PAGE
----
Jeffrey Springs allows two home runs, and the offense gets two hits in eight innings against Jameson Taillon.
Rays starting pitcher Jeffrey Springs (59) holds a ball after giving up his second home run of the fourth inning to the New York Yankees' Matt Carpenter (24) Friday at Tropicana Field.
Rays starting pitcher Jeffrey Springs (59) holds a ball after giving up his second home run of the fourth inning to the New York Yankees' Matt Carpenter (24) Friday at Tropicana Field. [ IVY CEBALLO | Times ]
Published May 28|Updated May 28

ST. PETERSBURG — The Rays need something to get out of their latest offensive malaise.

The Wander Franco replica neck chains, a giveaway for fans that some players wore on the field Friday, didn’t do it. Saturday, in front of a sellout crowd, they’ll try their Devil Rays throwback jerseys.

Better, of course, would be a couple of big hits, and some big numbers on the scoreboard to follow.

Friday, they were shut down again by the Yankees’ pitching, and shut out in a 2-0 loss.

“We’ve got to find a way to get the offense going,” manager Kevin Cash said. “It’s not on one guy, not on two, it’s just a collective have some (good) at-bats and see if we can get some momentum from that.”

Friday’s shutout — their first at home since September 2021 — followed Thursday’s game, when the Rays (26-19) were blanked into the ninth before scoring two in a lopsided loss to the Yankees (a majors-best 33-13). And that followed a Wednesday win over the Marlins when they scored five in the first but nothing else.

Overall, the Rays have scored two runs in their last 25 innings.

“We’re streaky right now,” centerfielder Kevin Kiermaier said. “Just the nature of the game sometimes, nature of this team. We’ve had quite a few guys in this room the last few years, and this is just kind of how it goes sometimes.

“There’s times where we score 10 runs three games in a row, and there’s times like this where there wasn’t a whole lot of offense.”

The lack of hitting wasted a solid outing by Jeffrey Springs, who worked six innings in his fourth start since joining the rotation, before a mixed allegiance crowd of 19,018 at Tropicana Field.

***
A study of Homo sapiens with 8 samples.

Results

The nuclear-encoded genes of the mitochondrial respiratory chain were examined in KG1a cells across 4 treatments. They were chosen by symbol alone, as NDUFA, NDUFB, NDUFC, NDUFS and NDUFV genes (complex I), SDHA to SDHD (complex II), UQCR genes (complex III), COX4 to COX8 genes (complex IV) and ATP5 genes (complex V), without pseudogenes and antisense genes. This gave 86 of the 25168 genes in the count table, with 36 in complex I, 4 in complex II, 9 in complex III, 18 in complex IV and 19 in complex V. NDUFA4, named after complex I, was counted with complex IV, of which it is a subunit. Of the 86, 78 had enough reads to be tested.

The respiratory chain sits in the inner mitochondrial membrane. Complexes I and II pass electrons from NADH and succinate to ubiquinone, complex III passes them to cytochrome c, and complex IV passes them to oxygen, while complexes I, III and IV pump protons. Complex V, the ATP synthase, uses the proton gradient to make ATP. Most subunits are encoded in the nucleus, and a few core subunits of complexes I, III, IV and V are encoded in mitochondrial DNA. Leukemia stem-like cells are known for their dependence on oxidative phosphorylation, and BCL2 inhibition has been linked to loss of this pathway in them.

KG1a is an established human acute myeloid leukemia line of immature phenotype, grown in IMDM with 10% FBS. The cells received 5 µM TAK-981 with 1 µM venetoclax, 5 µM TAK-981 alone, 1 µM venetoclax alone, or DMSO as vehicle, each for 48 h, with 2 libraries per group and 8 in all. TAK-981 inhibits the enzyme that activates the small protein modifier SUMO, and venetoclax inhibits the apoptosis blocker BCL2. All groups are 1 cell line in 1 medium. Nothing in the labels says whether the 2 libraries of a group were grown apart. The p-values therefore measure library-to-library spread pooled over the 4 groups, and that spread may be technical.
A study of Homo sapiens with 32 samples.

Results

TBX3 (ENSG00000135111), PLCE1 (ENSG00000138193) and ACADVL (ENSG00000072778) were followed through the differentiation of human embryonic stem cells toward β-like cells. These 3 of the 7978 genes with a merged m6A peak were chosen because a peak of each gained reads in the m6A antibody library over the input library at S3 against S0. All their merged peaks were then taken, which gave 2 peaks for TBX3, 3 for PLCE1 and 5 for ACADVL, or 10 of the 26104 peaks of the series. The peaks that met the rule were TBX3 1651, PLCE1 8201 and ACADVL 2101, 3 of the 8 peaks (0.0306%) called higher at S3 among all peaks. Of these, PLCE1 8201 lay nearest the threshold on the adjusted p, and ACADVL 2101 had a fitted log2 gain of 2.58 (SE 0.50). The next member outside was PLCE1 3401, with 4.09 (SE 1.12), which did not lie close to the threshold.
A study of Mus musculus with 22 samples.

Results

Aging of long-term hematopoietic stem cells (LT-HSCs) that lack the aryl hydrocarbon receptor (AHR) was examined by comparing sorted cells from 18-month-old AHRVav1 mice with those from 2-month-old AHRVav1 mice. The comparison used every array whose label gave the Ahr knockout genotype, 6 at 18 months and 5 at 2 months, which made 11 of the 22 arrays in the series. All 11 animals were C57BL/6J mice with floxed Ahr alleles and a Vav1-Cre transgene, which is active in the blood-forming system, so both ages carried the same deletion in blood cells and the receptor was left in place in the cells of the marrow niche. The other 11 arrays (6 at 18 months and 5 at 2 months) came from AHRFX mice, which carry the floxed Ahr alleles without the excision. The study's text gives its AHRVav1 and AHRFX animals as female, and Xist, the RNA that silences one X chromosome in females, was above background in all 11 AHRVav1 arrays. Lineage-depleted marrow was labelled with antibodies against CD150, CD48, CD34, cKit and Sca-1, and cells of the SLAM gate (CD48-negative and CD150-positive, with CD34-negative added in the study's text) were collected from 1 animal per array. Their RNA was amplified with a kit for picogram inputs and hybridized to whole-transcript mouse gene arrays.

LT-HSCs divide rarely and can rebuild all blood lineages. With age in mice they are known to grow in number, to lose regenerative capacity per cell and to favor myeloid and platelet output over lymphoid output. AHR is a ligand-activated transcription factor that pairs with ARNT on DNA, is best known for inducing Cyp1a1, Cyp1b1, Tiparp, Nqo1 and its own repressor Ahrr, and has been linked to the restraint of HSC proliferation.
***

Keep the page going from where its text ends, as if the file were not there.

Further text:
Springs allowed five hits, but the only two that mattered came in a span of four pitches at the start of the fourth, as Gleyber Torres and Matt Carpenter hit solo homers.

Though unhappy with the results, Springs said the pitches were pretty much where he wanted them to be, at the top of the strike zone, and was pleased overall. “Anytime I can go six and give us a chance to win, I’m pretty happy with it,” he said.

Cash had a similar view. “I thought Spring threw the ball really, really well,” he said. “I thought those two pitches in particular were pretty good, well-located pitches at the top of the zone, just above. Tip your cap to Gleyber and Carpenter, very good hitters that got a pitch. Kind of seeked the pitch out, recognized it and got it.”

Springs’ mates didn’t help. After being handcuffed by Nestor Cortes Thursday, they got only two hits (and no other baserunners) in eight innings Friday against Jameson Taillon, a single by Randy Arozarena leading off the fifth (after which he was promptly caught stealing, his 11th out on the bases) and a double in the sixth by Manuel Margot, who extended his hitting streak to 14 games.


As much as the Rays want to believe they can break out of it as soon as Saturday, they will have Yankees ace Gerrit Cole standing in their way.

“I’ve always said for years now it’s just we need that one game where we have an offensive outburst and make guys feel good about themselves,” Kiermaier said. “This is just two games, but no one’s in panic mode or anything like that. We know we’ve got Gerrit Cole (Saturday), so we’re going to have another test, for sure.

“But we’ve got him before, and anyone can get hit. We just need to do whatever we need to do collectively to simplify things to get back to hitting the ball hard … just trying to get on base and score in whatever ways we’re capable of, whether it’s base-to-base or hitting some homers, whatever that may be. We’re working. I didn’t want to start the first two games off like this, but once again, they threw the ball really well. Sometimes you face a buzzsaw.”